Man Of The Year
During a 29-day delay in the filming of his awful big-budget feature Sphere in 1997, Baltimore native son Barry Levinson dashed off Wag the Dog, one of the sharpest, funniest political satires ever filmed. The picture took a what-if premise and pushed it as far as it would go: What if a scandal-besieged president staged a totally fictitious war to distract the American public?
Now Levinson has directed another political satire, Man of the Year, with another what-if premise. What if the host of a cable-TV political comedy show--a man very much like Jon Stewart--ran for president? This time, though, the movie is funny without being sharp, diverting rather than brilliant.
The difference is in the script. Scenarist David Mamet, who shared Dog credit with Hilary Henkin, created short, staccato dialogue so lean that its forward momentum couldnít be resisted. For Man, Levinson has written some very funny scenes but also some very slack passages, and the movie constantly speeds up and brakes like a car carrying a student driver sign.
You suspect that the funniest lines were improvised by star Robin Williams, who improvised much of his dialogue in Levinsonís Good Morning, Vietnam. Williams plays Tom Dobbs, a cable-TV star who declares his campaign for president as an elaborate show-biz stunt. But when his polling numbers get close to the Democratic incumbent and Republican challenger, Dobbs is invited to a televised debate. Disregarding the ground rules, he turns the debate into an improvised stand-up routine thatís very funny, appalling the political regulars but stimulating disaffected voters out in TV land.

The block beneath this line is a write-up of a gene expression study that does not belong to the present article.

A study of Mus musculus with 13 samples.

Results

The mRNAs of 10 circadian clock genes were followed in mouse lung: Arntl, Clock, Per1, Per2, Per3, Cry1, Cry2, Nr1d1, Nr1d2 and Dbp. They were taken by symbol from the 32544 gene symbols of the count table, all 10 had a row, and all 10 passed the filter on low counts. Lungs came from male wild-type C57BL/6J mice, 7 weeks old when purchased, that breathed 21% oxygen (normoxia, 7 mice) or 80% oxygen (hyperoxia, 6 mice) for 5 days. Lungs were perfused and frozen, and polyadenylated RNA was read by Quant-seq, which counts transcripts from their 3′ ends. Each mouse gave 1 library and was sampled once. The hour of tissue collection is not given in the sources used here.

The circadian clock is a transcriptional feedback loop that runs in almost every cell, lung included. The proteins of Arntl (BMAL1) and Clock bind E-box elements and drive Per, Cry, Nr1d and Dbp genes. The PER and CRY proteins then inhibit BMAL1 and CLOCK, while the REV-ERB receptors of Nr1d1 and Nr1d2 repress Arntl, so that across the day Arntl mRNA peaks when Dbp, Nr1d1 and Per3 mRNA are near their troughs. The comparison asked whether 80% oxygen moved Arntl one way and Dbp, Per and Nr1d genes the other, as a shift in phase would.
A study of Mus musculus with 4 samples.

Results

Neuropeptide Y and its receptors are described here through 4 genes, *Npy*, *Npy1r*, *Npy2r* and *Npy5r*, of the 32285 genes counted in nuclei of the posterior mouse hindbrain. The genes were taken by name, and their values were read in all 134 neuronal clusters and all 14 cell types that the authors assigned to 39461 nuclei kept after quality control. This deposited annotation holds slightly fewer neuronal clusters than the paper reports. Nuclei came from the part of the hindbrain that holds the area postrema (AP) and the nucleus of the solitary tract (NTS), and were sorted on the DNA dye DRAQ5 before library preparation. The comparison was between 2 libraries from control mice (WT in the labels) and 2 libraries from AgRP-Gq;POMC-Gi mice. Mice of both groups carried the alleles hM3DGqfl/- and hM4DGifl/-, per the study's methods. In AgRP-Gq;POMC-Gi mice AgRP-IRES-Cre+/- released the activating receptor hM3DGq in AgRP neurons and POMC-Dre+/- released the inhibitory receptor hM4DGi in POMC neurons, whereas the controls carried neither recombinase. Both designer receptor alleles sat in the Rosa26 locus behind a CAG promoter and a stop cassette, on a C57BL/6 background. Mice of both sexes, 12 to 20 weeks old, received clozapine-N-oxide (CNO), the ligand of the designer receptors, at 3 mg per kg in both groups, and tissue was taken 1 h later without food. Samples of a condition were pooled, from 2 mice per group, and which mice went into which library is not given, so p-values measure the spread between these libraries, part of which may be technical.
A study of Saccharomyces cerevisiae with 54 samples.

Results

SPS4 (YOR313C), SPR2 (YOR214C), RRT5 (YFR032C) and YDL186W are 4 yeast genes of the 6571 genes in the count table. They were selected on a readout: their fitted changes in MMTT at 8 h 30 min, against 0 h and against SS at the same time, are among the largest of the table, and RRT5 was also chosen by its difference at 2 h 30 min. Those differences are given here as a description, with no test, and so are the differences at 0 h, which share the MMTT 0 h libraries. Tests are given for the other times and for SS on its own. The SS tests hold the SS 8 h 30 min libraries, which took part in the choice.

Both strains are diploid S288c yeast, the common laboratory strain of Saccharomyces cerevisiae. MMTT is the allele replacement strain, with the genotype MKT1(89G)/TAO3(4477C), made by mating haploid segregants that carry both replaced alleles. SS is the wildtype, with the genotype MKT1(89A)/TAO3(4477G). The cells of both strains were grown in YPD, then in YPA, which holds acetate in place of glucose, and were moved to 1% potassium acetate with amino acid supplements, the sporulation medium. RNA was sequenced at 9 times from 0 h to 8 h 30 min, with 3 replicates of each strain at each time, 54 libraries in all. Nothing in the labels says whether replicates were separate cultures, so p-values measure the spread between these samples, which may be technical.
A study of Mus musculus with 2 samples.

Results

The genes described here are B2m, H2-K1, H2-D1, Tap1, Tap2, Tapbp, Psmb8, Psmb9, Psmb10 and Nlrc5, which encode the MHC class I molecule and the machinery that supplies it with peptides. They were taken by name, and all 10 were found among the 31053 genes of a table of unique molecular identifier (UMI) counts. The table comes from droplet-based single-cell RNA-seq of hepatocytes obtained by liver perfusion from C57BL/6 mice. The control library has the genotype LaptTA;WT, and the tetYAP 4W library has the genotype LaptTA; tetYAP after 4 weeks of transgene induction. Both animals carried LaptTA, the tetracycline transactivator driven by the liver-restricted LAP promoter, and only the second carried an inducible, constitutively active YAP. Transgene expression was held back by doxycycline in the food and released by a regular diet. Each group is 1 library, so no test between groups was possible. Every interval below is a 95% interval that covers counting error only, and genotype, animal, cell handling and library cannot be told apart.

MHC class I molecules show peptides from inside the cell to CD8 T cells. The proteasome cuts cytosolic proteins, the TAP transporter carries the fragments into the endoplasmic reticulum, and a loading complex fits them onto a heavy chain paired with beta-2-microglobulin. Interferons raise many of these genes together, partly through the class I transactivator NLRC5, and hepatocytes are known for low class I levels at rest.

Is that all it takes to win an election? The answer is complicated by another major plot strand: the contract won by the Delacroy corporation to install new touch-screen electronic voting machines in every American precinct. A company researcher, Eleanor Green (Laura Linney), discovers a glitch that distorts the vote totals. But when she tells corporate head counsel (a delightfully malevolent Jeff Goldblum), he pooh-poohs her concerns and then sics his thugs on her. She runs to Dobbs in hopes that he believes her.
Levinsonís theme of an honest outsider upsetting the political applecart has been old hat since Frank Capra. Much more interesting and current is the balky or manipulated voting machines, but Levinson never delivers a scene as memorable as Wag the Dogís fake Albanian battle and never pushes the issue very hard. He also fumbles the implausible romance between Green and Dobbs, failing to give it an ounce of credible chemistry.
On the other hand, Tomís banter boasts some witty one-liners. "Why do we need a same-sex marriage amendment?" he asks his debate opponents. "Anyone whoís ever been married knows itís always the same sex."